Listen to the broadcast of You Tell Me on KTBB AM 600, Friday, December 14, 2012.
For the purpose of illustration I am going to create for you two fictional neighbors. The first is named Maudine Poovey. Maudine is a sweet old soul who, ten years ago at the age of 68, buried her beloved husband Herb, with whom she had shared nearly 48 years.
Maudine’s passion has always been working outdoors on her lawn and landscape and even after Herb died, Maudine kept her landscape as neat as a pin.
But now at age 78, sweet old Maudine can’t work in the yard anymore. Her arthritis bothers her so and she can no longer use her hands very well. What’s worse for Maudine is that she can no longer afford the young man that mowed her yard every week. That’s because her retirement assets suffered some setbacks in the past few years. That, taken together with the fact that the nest egg that she and Herb worked a lifetime to put away doesn’t provide much income these days, has reduced Maudine to living pretty much hand-to-mouth. Low interest rates may help with financing the federal deficit, but low rates punish people who live off what they have saved.
So Maudine is alone, financially strapped and getting old. Her yard is becoming overgrown and now looks every bit as bad as it once looked perfect.
This is where we meet your second neighbor. Her name is Hillary Gooddeed. Hillary decided that the whole neighborhood should get together and help Maudine. Toward that end, and at Hillary’s urging, someone went in to your garage and helped themselves to your lawnmower, string trimmer and leaf blower for the stated purpose of cleaning up Maudine’s yard.
You, upon finding out that your lawn equipment has been up and taken, get plenty ticked off about it. That’s when neighbor Hillary swells up in self-righteousness to put you in your place. “How selfish of you,” says Hillary. “How can you be so insensitive to poor Maudine? For that matter, why do you even need your own lawn equipment in the first place?,” she goes on. “You can afford to hire someone to take care of your landscape for you. Maudine can’t.”
So here’s the question. Is it immoral for you to object to the confiscation of your property even if for the benefit of someone in need; or is it immoral for someone to seize your property? Did they steal your lawnmower? Or do you have an obligation to surrender it?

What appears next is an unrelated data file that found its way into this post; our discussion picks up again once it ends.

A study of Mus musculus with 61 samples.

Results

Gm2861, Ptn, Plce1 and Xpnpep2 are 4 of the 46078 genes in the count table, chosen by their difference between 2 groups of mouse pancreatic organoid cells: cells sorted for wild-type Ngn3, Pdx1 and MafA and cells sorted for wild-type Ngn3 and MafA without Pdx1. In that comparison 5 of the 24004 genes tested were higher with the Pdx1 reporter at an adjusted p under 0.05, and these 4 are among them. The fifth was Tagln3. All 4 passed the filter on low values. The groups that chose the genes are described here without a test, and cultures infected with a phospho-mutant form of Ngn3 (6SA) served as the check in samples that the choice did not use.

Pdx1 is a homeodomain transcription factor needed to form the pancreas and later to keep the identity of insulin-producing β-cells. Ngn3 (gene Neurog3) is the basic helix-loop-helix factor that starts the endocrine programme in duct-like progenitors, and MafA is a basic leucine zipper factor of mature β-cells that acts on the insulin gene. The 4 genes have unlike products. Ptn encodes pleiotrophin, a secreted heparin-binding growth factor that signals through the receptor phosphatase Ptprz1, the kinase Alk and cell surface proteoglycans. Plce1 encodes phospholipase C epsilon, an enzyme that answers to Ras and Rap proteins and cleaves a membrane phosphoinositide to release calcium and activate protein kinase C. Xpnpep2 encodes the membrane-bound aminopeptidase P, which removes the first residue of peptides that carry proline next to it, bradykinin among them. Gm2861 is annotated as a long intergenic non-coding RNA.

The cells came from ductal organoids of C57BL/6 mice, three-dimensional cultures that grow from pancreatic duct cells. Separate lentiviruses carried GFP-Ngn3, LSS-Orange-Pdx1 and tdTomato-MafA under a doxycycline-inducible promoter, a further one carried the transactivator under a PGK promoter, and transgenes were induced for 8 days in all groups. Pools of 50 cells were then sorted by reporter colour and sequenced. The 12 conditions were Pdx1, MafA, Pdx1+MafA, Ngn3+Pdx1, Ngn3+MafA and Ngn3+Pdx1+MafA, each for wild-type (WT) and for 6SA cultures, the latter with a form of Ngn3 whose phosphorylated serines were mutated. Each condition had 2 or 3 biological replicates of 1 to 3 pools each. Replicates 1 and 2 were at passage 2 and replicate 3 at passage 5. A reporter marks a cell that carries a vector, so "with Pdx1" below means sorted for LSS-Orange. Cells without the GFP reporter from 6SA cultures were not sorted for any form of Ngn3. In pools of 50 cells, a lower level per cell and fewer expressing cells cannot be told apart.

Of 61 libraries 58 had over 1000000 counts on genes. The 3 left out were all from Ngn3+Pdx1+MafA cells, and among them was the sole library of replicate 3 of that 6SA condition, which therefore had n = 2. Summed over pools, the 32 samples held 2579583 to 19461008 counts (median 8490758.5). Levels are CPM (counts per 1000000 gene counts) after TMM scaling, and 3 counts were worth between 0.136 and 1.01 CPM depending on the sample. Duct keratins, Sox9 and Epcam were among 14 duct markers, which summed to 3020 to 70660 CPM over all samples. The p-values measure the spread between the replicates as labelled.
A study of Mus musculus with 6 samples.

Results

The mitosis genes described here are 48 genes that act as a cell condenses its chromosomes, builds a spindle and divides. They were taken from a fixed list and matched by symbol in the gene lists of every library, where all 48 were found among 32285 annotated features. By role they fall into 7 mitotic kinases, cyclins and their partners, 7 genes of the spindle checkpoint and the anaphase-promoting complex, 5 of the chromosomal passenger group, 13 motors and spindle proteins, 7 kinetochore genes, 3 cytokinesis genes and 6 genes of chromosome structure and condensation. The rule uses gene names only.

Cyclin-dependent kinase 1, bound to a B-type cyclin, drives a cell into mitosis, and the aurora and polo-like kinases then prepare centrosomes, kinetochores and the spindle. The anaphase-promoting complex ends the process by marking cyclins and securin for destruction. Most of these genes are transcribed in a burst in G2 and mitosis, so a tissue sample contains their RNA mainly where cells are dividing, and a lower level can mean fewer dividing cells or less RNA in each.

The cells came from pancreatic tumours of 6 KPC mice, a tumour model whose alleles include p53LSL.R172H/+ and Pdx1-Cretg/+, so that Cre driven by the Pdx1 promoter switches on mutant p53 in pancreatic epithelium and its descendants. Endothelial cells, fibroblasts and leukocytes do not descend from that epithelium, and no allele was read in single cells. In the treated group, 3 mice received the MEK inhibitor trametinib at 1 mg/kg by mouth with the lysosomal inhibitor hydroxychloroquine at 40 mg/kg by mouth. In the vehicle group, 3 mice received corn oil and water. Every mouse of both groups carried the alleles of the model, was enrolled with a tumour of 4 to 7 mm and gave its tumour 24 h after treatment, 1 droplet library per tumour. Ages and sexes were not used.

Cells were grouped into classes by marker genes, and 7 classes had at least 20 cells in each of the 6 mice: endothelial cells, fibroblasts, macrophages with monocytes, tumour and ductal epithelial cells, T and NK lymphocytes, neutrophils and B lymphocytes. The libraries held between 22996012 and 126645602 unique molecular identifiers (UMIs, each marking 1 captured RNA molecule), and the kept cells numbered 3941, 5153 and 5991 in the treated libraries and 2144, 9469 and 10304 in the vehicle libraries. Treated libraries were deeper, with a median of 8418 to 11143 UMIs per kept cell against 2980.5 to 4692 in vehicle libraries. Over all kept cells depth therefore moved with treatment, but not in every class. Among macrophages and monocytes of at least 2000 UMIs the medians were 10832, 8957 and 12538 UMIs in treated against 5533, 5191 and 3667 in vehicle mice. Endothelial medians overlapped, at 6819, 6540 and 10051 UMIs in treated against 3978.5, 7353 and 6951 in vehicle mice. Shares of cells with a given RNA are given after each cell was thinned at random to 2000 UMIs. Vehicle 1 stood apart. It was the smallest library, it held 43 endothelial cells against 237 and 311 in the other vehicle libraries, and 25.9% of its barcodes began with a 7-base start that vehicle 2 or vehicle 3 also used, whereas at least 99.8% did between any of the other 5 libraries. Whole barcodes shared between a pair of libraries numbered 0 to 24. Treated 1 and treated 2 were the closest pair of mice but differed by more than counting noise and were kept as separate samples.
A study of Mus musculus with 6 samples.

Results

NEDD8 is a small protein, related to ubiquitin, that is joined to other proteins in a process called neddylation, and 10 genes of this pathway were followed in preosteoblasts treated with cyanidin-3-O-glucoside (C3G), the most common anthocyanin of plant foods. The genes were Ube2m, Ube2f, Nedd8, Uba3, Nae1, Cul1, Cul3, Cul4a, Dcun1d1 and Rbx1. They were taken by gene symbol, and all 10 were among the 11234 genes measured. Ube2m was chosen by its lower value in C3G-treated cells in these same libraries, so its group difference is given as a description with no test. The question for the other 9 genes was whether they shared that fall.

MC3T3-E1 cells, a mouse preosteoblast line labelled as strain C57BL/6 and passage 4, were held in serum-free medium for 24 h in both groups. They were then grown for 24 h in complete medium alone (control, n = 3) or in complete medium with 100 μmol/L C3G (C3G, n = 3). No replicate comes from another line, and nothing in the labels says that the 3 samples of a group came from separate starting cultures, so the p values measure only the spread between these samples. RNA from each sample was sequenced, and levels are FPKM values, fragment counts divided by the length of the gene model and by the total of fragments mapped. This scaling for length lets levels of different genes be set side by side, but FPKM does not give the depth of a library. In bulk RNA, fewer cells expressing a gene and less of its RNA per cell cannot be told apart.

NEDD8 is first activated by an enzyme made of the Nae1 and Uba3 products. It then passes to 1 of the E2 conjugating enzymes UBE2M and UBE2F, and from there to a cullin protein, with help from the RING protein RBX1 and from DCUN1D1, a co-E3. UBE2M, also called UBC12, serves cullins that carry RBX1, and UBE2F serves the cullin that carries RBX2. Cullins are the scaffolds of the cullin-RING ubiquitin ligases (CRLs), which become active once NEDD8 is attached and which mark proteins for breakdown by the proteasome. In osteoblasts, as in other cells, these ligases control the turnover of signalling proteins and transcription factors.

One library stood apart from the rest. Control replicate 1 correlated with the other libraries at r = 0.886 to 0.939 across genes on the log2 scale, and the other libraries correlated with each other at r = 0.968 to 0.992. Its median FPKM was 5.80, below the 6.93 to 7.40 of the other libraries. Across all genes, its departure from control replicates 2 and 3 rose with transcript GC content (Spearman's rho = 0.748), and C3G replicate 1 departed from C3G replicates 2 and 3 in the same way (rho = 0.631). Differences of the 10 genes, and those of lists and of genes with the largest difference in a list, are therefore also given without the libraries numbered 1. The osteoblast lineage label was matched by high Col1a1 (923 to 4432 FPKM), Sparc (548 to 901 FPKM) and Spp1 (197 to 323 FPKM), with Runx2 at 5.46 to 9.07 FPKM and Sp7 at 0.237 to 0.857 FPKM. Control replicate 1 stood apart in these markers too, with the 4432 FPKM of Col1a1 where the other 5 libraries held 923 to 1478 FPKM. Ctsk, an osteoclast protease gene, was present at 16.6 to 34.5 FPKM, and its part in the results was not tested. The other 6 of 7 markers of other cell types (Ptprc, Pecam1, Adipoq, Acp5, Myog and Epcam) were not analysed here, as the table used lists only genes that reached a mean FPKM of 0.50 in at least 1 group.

In this simple little story lies the fundamental difference between conservatives and liberals with respect to the ongoing argument over tax rates. Conservatives believe in the sanctity of individual property rights, including the right to accumulate wealth and to dispose of it as the individual sees fit. Liberals believe that those who are well off should be compelled to forfeit wealth for the greater good. No one in this story disagrees that your lawnmower was confiscated just as no one disagrees that taxes are confiscatory.
The difference is that liberals believe that such confiscation is justified (look at poor Maudine). Conservatives believe that confiscation is by its nature unjust (Maudine’s situation is an entirely separate issue). Conservatives believe that taking someone’s property, no matter how noble the stated purpose, is stealing.
What liberals overlook in forming their arguments on behalf of Maudine is the fact that history has shown that Maudine does better when individual property rights are respected than she does when they’re not. People who don’t have to fight to hang on to what they’ve earned are by their nature more generous. The United States has more purely voluntary, non-profit agencies dedicated to helping the world’s Maudines than any other nation on Earth. Such is made possible by the generosity that naturally flows from people who are free to create wealth and free then to direct that wealth as they see fit. There was very little charity in Soviet Russia.
What those who would help Maudine fail to understand is that if too much wealth is forcibly confiscated, Maudine’s plight will be worse. Not only will no one be willing to help her, no one will be capable.